Do I need an ACL to play sports?

We all hear how ACL injuries are season-ending for professional athletes. But what if an athlete could return to sports without ACL surgery? 

There have been many articles showing that patients can return to activity, including sports, without ACL reconstruction. A recent study by Hetsroni et al in the August 2013 journal of Knee Surgery, Sports Traumatology, Arthroscopy showed that a quarter of recreational skiers with ACL injuries can be treated non-operatively. However, most people go on to have continued episodes of instability causing additional injury if they return to sporting activities without surgery. So what are the risks of playing without an ACL and how do we know who can and can’t play without surgery?

The ACL is the main stabilizing ligament in the knee.  It prevents excessive rotation of the knee joint that can occur with cutting and pivoting motions such as those in football, soccer, basketball and other similar sports. When the ACL doesn’t work, these rotational forces are transmitted to the other knee structures resulting in tearing of the meniscus and damage to the joint surface cartilage. Cartilage is the Holy Grail of orthopaedics and sports medicine.  We do a very good job a reconstructing the ACL but our results with cartilage repair are adequate at best. 

Joe Namath was the first famous athlete to return to sports without ACL surgery, which in his day was usually career-ending. What Broadway Joe proved is that a torn ACL, despite bracing, results in severe damage to the knee joint. Research shows that 90 percent of people with a torn ACL have significant problems or re-injury and only 10% of the patients did ok without surgery. These problems include persistent giving way, swelling, locking and pain. 

What about braces? Braces simply do not work in preventing injury to other knee structures after ACL injury and this has been proven with a multitude of studies. The risk of playing with an ACL injured knee is severe and permanent damage to the remaining meniscus cartilage and the joint surface cartilage. We can fix the ACL but we don’t do a good job at fixing the joint surface cartilage. Injury to this cartilage means early and progressive arthritis.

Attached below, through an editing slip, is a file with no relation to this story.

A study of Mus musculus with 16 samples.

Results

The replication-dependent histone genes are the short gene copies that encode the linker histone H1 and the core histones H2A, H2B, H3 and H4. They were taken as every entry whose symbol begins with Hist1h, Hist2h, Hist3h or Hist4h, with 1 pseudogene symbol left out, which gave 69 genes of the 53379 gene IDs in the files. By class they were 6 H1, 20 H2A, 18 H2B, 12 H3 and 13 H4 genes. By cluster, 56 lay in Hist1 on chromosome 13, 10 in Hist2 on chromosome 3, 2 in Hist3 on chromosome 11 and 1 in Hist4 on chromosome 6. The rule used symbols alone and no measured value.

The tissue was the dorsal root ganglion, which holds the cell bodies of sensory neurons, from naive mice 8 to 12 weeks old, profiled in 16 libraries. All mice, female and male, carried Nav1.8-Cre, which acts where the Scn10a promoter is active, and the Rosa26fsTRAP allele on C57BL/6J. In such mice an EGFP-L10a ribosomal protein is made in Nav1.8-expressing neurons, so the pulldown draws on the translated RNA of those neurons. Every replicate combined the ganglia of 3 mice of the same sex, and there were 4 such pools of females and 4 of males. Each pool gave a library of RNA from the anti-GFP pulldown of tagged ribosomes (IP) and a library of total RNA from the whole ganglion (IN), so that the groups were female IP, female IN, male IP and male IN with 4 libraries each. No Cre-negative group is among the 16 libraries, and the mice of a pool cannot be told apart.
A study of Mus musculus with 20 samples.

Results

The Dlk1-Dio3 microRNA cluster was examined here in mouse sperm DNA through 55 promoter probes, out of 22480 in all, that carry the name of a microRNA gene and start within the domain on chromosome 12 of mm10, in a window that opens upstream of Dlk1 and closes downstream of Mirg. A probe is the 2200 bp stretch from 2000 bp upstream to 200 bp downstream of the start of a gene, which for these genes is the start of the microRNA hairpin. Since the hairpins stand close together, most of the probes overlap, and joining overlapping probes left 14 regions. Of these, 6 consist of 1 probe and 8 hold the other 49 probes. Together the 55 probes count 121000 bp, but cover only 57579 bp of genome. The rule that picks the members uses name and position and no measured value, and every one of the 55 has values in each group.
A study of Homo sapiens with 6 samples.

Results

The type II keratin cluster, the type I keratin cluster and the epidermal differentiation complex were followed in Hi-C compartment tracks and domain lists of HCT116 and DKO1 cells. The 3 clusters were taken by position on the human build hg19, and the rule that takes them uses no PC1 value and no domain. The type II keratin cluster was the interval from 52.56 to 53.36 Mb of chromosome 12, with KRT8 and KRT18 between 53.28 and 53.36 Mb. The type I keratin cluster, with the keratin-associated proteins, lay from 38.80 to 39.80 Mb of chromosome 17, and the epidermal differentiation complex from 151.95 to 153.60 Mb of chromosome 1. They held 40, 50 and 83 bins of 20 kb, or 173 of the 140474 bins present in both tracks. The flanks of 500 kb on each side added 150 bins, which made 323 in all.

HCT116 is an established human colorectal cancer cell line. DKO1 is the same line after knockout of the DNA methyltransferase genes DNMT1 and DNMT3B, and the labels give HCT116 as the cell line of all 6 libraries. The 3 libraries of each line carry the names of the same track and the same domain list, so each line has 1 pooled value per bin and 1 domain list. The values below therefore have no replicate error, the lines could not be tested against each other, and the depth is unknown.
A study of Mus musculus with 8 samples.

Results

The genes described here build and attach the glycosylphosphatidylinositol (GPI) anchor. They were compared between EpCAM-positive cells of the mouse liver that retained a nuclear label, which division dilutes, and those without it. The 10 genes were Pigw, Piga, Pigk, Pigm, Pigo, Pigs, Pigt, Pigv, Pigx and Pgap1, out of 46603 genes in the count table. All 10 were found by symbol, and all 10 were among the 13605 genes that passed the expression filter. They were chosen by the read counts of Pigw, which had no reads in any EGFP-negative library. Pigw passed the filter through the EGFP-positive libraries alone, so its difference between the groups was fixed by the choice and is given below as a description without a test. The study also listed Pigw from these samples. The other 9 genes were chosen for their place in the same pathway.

There is now a testing battery that can identify players who can function without the ACL.   Athletes that can return to activity without ACL surgery have been described as “copers” (being able to cope without an intact ACL). But it turns out that most people do not qualify as copers and the risk of returning to play without having corrective surgery is so great that most will not choose that route.

There are a few circumstances where an athlete might choose to rehab and play without surgery such as the national championship game for a college player or the state championship event for a high school player. For athletes, because the risk of permanent damage is so great, we advise against non-operative treatment.

In general, an ACL injury occurring in a young athlete or in a middle aged athlete unwilling to change his or her activity level requires surgery to safely return to sports. The risk is too great for permanent damage that would ultimately lead to the need for knee replacement at a later time.  The good news is that with minimally invasive arthroscopic surgery and aggressive rehabilitation, we are very successful at returning athletes to their pre-injury level of activity.